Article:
Burkina Faso capital under curfew after army mutiny

Smoke billows over Ouagadougou after traders riot in the Burkina Faso capital, 16 April Key sites in the capital were targeted by rioting traders on Saturday


Restrictions on movement were being imposed between 1900 (1900 GMT) and 0600, starting on Saturday, the security ministry said.

Market traders set the ruling party's headquarters on fire earlier in protest at looting by mutineers.

President Blaise Compaore sacked his government after the mutiny.

He also named a new army chief and fired the head of his presidential guard, the elite unit involved in the revolt, which reportedly began over unpaid housing allowances.

While the mutiny appears to have died down after promises to pay the outstanding monies, Mr Compaore, a former coup leader in power since 1987, faces wider public unrest over food prices.

The struggling country of 16.3 million has also been affected by turmoil in its richer neighbour, Ivory Coast.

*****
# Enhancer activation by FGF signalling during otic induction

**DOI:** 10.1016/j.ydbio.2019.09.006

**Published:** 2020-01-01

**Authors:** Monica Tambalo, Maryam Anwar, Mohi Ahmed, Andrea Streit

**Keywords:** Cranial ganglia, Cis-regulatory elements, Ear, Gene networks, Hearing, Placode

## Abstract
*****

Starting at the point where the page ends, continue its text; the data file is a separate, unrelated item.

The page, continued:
'Fed up'

On the day the curfew was announced, the former colonial ruler, France, warned its citizens not to travel to the country.

Start Quote

We are angry at the soldiers who have looted our stores, and also at the government that is doing nothing to stop the looting”

End Quote Abdoulaye Mobile phone vendor in Ouagadougou

"The situation in Burkina Faso, especially Ouagadougou, is currently marked by tension due to the soldiers' protest," the foreign ministry said, adding that travellers also faced an increased risk of highway robbery and kidnapping.

Forty-five people have been taken to hospital with injuries, some from bullets, and there have been a number of cases of rape, a source at the main hospital in Ouagadougou told AFP news agency on condition of anonymity.

As well as setting the ruling party's HQ alight, traders attacked the National Assembly, the trade ministry and other public buildings in Ouagadougou, setting vehicles on fire.

"We are angry at the soldiers who have looted our stores, and also at the government that is doing nothing to stop the looting," Abdoulaye, a mobile phone vendor who declined to give his second name, told Reuters news agency.

"Among us are people who have lost everything... and do not even know yet whether they will be reimbursed. We're fed up."

Another protester said the president was "solely responsible" for the unrest.

"He trained his guards and they pillage us," Oumarou Belem told AFP, urging Mr Compaore to "leave power to those who can manage".

On Thursday, hours before the mutiny, thousands of people staged a protest against the high cost of living in one of the biggest rallies seen for many years in Ouagadougou.